Scottish Nightclub is Powered By the Heat From Dancers Moving the Venue to Thermal Energy
A Scottish night club has found it can reduce its carbon footprint by 70 tons per year if it relies on the beat to make the heat.
Glasgow arts venue SWG3 now has a dancefloor that absorbs body heat from the dancers and converts it to thermal energy, between 250 and 600 watts depending on how intense the music is.
The venue had announced the idea last year, but has only just got it turned on; not a moment to soon considering the energy crisis.
The thermal energy is channeled via a carrier fluid to a deep borehole 650 feet (200 meters) underground where it is charged like a thermal battery before being pumped back up to provide heating and A/C to the club.
TownRock Energy Geothermal designed the system which they aptly branded as “Body Heat” and founder David Townsend told the BBC that medium intensity music like the Rolling Stones could generate 250 watts.
“But if you’ve got a big DJ, absolutely slamming basslines and making everyone jump up and down, you could be generating 500-600W of thermal energy,” he said.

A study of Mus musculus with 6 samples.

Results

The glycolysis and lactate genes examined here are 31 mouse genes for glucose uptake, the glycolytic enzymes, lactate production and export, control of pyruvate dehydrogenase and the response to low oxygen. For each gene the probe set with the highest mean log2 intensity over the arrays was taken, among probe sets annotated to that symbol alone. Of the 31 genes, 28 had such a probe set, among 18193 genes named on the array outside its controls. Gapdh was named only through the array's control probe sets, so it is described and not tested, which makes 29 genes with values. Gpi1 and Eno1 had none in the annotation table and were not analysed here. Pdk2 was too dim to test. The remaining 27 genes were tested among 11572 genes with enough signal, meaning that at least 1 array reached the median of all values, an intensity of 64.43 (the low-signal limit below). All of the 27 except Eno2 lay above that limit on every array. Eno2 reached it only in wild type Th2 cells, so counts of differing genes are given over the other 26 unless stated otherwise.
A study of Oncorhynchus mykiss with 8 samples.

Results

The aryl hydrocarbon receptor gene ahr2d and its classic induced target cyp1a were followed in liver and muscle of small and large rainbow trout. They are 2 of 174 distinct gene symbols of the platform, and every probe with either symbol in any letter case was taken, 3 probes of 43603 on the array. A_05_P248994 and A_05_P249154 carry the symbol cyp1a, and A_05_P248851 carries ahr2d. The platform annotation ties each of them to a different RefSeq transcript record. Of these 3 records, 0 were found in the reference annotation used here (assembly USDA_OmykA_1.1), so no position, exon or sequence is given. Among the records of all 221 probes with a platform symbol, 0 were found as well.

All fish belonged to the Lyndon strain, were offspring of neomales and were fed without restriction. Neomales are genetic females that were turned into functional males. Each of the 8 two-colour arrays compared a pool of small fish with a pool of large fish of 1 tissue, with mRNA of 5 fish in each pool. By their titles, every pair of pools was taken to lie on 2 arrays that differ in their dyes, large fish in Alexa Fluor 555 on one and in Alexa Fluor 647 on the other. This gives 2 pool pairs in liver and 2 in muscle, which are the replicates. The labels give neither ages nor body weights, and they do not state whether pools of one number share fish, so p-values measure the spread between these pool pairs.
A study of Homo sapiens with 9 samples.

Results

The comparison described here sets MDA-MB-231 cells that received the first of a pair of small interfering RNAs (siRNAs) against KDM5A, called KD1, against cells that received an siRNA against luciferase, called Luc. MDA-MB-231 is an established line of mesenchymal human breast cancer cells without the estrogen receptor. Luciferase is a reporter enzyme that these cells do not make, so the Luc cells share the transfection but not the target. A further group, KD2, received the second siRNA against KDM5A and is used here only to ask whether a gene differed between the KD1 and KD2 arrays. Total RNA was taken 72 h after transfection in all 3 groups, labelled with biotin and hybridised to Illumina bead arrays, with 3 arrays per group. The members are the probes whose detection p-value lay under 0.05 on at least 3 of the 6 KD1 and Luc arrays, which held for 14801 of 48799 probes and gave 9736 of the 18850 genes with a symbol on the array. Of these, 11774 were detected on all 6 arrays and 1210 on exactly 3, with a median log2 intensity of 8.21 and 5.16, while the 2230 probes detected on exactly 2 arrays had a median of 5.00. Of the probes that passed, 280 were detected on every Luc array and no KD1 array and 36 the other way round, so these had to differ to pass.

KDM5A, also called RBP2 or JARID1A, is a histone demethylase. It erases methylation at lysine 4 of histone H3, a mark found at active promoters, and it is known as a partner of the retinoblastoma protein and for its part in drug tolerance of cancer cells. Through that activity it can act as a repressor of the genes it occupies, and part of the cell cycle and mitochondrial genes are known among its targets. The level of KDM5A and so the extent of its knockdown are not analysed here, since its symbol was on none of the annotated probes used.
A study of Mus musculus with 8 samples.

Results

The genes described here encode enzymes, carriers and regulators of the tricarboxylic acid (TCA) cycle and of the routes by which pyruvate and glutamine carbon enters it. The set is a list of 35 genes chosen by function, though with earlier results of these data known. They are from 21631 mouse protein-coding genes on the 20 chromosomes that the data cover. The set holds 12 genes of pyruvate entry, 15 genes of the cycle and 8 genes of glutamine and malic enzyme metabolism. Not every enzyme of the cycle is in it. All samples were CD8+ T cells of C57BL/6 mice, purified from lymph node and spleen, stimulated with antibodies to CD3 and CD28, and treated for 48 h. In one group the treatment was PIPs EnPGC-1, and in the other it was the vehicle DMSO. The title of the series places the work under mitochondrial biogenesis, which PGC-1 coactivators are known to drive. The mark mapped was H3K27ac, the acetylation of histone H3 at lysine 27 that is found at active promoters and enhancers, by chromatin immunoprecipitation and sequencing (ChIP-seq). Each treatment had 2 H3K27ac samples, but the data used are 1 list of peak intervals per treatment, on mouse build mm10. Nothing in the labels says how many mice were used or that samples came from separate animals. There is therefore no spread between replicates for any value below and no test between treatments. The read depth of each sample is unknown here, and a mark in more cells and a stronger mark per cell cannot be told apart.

SWG3 has committed to carbon neutrality by 2025, and the managers insist that despite setting them back £600,000 they can recoup the investment in five years by disconnecting the gas boilers, that would run them around one-tenth of that, through the reduction in energy bills.
“If we can make it work here in this environment, there’s no reason why we can’t take it to other venues, not just here in Scotland and the UK, across Europe and further afield,” SWG3-owner Fleming-Brown told BBC News.
Townsend has gained big interest from the SchwuZ nightclub in Berlin, and said they don’t want to be outpaced in cool clubbing technology.
The advantage of using water as a heating system is that while it requires a lot of energy to heat up, it holds onto that energy much longer than air. With the carrier fluid stored under ground it’s well insulated, and therefore also more efficient than any gas heating system.
Bodyheat was financed largely through government subsidy from Glasgow city.